Welcome to the final part of China Skinny’s Food and Beverage Trends in China series. Part 1 covered developments in China’s health trends, flavours and frozen products. Part 2 touched on the continued trend of premiumisation and packaging innovations. Today we’ll discuss some of the bigger changes we noticed.
SIAL brings together food and beverage products from the world over and this year saw more countries represented than in previous years. Not only did the number of countries represented grow but there was a strong presence from less well-known countries such as Slovenia and Estonia, who offered goods like crisps, puffed cheese and beer. Their eastern European fellow Russia took up a large section of the show exhibiting confectionery, condiments, wines, water and of course vodka. The increased interest in China is spurred by China’s growing consumer power but is also likely helped by the developments of China’s One Belt, One Road efforts.
The Guest County of Honor this year was Argentina, who showcased their meat and food options. Argentina’s presence was surrounded by other lively Central and South American countries such as Mexico, Belize, and Brazil. The diversity of countries represents the pull of Chinese consumers looking further afield for products and the growing interest in selling to Chinese consumers.
Local brands have been stepping up their branding efforts in the past few years. This can be seen in their design, packaging and products. Chinese consumers choose a brand or product for many reasons, not only country of origin. Domestic players are making efforts to understand their target consumer and are using emotive marketing to grab attention and hearts. They are quickly learning that this type of marketing goes much further than typical functional marketing. An example of this is a variety of spicy snack food (‘la tiao’) marketed by Weilong Food (卫龙食品). The brand’s social media presence uses an unexpectedly modern approach to connect with millennials, surprising their target consumers that the brand is so interesting. Overall, domestic brands are upping their game, but this doesn’t come without mishaps and face palms such as the latest advertisements for Coconut Palm, a Chinese coconut drink.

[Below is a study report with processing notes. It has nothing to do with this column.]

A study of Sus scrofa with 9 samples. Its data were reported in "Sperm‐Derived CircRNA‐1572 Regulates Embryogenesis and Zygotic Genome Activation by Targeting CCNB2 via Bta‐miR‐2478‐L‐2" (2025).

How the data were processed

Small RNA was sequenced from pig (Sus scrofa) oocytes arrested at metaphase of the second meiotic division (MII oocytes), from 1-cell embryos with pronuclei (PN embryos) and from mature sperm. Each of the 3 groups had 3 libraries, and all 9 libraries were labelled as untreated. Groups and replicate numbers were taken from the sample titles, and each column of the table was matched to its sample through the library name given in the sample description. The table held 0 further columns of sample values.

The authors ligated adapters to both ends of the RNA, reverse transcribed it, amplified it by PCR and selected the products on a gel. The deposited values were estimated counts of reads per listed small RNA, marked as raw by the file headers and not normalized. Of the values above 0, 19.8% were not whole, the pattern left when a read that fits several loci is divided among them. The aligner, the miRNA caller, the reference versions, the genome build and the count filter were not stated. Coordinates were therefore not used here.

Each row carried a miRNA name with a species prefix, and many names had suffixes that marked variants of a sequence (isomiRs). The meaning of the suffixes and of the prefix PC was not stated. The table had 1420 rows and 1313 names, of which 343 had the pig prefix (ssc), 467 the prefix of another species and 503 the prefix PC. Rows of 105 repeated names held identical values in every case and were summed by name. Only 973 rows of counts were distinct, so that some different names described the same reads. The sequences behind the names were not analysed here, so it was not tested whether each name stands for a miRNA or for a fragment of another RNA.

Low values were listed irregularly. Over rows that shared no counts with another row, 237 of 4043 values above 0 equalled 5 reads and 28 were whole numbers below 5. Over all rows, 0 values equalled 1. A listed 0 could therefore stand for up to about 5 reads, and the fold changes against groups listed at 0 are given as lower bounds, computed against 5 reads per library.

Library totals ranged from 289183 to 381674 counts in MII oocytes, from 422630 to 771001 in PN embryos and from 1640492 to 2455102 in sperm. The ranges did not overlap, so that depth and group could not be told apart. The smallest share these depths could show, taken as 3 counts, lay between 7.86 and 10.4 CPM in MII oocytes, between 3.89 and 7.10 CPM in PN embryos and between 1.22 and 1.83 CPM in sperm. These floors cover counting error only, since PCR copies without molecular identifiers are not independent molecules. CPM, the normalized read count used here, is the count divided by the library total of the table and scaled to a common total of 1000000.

At the trade shows, many of the mega-booths were represented by domestic brands and at first glance the booths were indistinguishable from the those of North America, Europe or Australasia brands. Chinese brands coupled their slick booths with smart marketing and engagement. VR, photo opportunities, live streaming and interesting dispensers caught and kept show goers’ attention.
Along with the sophistication of branding among Chinese companies, more are incorporating fun, adorable and cartoony characters. Chinese love cutesy characters and many brands are riding on the success of local snack brand Three Squirrels by adding fun and engaging personalities to their marketing.
Action figures, princesses, animals and other cute characters were all present in branding and marketing. To Western eyes these mascots may seem childish but Chinese welcome them and the imagery and personalities help them relate and connect to a brand. China’s Air Force even turned their machines into cute cartoon characters to celebrate Chinese New Year! When using characters there are plenty of opportunities to get it wrong in China so best to test and verify that a certain image, brand or name will resonate with the target audience.
Much like last year, there were bad copies and even fakes that innovated on established brands. A few that caught our eyes were a take on Super Mario and a variation of Nutella. While there was only fake Nutella last year; this year offered several new Nutella-like spreads, including one made from dates. While consumers may initially be fooled, they are bound to find out the truth sooner or later.
China’s fast-moving food and beverage industry is growing rapidly and allows for abundant opportunities. But it is also getting more competitive, something we see firsthand through our research and experiences in China. The competition from domestic brands and among other imported products is tough. Getting China right means taking a strategic approach to geographic locations, products, packaging, branding and marketing. Get in touch with China Skinny to see how we can help you succeed in China.